Looking out your window on a lovely summer day, you are drawn to the beauty of your … soil?
You may not think about your soil very often, but it provides plants with the basics: water, oxygen, nutrients and physical support. Here are some ways to keep your soil as healthy as possible, so it can do its job.
Did you know that plant roots need oxygen to live? Roots can’t make their own food and depend on the food made by leaves. To use that food, roots need oxygen, the same way we need oxygen to process our food. Roots get their oxygen directly from air spaces in the soil. If soil is waterlogged or compacted, there is little or no oxygen available to the roots and the plants will die.
Watering correctly prevents waterlogged soil. You can tell that soil is too wet if it holds its shape when pressed into a ball. As a general guideline, established plants need about an inch of water per week. To encourage deep root growth for healthy plants, one deep watering is better than watering shallowly several times per week. Consider buying a rain gauge so you know how much water your plants are getting, and provide supplemental water if necessary.
Avoid compacted soil by improving the physical condition, or tilth, of your soil. Soil that is loose will hold the right amount of water, yet drain well. You can improve soil tilth by mulching with wood chips, straw or dried (untreated) grass to add organic matter as it breaks down. To prevent soil compaction, limit walking through your flower beds, especially when the soil is wet and never dig or till wet soil.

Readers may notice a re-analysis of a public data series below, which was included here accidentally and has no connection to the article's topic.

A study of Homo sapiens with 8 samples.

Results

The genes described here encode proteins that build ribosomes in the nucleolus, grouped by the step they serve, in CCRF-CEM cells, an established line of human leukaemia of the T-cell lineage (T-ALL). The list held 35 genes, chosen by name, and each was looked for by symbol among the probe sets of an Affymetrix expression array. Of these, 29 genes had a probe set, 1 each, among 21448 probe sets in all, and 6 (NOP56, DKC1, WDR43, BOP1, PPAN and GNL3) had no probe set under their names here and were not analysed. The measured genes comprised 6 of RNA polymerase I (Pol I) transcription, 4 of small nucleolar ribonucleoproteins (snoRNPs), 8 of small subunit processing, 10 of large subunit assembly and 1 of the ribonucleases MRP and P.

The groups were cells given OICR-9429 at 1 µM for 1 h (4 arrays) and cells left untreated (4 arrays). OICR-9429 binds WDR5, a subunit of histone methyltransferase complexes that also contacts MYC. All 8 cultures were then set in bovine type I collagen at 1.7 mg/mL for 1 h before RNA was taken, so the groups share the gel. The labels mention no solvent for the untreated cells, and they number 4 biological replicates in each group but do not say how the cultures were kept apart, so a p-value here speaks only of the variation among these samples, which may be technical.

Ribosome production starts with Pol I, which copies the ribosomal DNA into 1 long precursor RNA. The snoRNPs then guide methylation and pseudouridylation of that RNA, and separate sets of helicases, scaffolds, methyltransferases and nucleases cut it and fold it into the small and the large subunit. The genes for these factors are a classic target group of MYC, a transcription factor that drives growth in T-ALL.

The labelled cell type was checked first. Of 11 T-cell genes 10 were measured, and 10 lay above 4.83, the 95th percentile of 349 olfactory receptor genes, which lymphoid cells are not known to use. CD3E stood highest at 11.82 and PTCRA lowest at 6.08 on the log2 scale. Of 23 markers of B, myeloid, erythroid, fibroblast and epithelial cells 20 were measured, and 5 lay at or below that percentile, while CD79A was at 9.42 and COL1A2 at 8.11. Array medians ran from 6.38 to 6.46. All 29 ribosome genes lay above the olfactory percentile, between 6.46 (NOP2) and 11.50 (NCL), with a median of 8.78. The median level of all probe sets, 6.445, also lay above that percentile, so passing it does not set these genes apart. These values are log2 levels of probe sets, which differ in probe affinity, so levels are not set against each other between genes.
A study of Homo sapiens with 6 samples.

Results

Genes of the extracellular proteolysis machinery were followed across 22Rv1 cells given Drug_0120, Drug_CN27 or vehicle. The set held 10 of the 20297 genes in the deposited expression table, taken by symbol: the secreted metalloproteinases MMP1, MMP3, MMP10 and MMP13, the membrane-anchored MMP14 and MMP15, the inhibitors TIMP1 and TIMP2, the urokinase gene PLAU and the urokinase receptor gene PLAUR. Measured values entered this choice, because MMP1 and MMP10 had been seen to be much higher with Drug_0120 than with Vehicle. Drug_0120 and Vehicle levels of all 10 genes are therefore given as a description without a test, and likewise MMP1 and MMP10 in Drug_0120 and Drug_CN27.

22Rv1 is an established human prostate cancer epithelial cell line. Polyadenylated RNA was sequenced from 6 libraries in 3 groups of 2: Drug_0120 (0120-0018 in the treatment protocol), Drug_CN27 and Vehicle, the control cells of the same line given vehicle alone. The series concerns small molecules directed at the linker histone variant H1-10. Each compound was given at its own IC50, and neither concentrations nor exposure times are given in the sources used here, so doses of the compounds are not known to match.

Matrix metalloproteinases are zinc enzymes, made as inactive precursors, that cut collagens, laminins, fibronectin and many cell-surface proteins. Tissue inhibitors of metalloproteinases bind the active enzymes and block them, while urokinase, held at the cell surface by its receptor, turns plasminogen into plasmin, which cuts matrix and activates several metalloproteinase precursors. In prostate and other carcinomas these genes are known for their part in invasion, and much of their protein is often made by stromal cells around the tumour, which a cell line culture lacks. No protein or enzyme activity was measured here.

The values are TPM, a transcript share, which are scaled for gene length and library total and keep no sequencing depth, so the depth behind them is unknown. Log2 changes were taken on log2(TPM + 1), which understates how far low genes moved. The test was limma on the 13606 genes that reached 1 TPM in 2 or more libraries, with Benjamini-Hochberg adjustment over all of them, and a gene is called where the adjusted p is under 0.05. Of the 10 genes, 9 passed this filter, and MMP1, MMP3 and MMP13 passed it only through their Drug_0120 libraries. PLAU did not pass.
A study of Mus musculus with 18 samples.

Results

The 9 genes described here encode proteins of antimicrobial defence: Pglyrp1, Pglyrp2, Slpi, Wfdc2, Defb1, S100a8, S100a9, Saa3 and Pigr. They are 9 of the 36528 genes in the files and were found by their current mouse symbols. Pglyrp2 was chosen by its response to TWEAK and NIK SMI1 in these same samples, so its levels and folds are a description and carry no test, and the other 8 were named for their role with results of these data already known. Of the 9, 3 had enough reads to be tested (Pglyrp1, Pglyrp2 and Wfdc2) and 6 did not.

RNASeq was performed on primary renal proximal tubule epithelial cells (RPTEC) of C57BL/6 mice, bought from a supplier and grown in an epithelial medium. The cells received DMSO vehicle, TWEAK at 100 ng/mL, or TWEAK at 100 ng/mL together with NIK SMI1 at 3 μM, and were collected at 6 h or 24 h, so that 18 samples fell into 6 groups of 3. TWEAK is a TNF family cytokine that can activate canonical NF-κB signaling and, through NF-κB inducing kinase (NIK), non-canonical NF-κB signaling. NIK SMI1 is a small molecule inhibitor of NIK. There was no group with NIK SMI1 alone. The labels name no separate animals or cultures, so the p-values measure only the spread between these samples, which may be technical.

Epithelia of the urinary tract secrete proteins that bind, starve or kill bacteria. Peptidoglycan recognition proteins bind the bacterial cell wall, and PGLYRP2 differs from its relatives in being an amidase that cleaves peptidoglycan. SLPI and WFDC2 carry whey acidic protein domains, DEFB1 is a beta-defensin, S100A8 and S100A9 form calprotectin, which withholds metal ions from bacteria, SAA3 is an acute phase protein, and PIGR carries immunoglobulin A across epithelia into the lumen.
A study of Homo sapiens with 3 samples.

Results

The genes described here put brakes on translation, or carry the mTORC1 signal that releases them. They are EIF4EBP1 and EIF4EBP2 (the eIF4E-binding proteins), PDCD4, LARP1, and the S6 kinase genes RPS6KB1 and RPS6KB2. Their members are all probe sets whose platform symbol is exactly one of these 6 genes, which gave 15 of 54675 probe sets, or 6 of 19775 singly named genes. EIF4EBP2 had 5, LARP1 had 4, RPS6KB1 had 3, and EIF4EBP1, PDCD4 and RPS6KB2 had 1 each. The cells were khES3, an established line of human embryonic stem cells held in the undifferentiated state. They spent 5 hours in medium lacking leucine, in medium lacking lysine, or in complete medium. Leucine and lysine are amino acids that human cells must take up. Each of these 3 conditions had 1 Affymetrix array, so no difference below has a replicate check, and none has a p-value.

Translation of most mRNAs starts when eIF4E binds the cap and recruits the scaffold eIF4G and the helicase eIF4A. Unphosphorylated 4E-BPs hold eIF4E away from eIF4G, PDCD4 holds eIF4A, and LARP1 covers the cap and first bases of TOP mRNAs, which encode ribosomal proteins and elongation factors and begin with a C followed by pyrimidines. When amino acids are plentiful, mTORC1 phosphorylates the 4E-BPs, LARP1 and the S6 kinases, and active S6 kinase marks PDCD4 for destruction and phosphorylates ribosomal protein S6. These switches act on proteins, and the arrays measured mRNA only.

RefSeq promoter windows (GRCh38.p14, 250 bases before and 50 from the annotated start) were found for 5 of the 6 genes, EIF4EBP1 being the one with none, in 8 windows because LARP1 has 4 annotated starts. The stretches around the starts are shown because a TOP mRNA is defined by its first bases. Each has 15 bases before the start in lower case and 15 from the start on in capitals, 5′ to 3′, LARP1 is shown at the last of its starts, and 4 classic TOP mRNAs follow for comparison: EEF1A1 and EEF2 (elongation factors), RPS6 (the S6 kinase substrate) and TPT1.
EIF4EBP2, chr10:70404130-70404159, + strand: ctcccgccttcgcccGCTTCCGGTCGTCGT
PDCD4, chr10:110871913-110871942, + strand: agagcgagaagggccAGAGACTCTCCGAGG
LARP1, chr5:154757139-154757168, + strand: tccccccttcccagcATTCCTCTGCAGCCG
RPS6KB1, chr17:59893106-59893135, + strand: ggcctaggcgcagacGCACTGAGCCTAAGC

Lastly, for the best plant growth, keep nutrients in the soil. Watering slowly and gently reduces run-off of nutrient-containing water. It also keeps the soil where it belongs, not flowing out of your bed (erosion). If it’s been over three to five years since your soil was last tested for nutrients, it’s probably time to do so. This will let you know if you need to amend the soil. The Kane County Farm Bureau offers soil testing in our area for a small fee. Find more information at http://www.kanecfb.com/media/SoilBrochure2018.pdf.
When you look out your window to admire your blooming flowers, don’t forget about the hard work the soil is doing to maintain that beauty.
Sue Styer is a University of Illinois Extension master gardener for Kane County. The “Learning to Grow” column runs weekly during warmer months of the year. Call the extension office at 630-584-6166 for more information. Feedback on this column can be sent to firstname.lastname@example.org.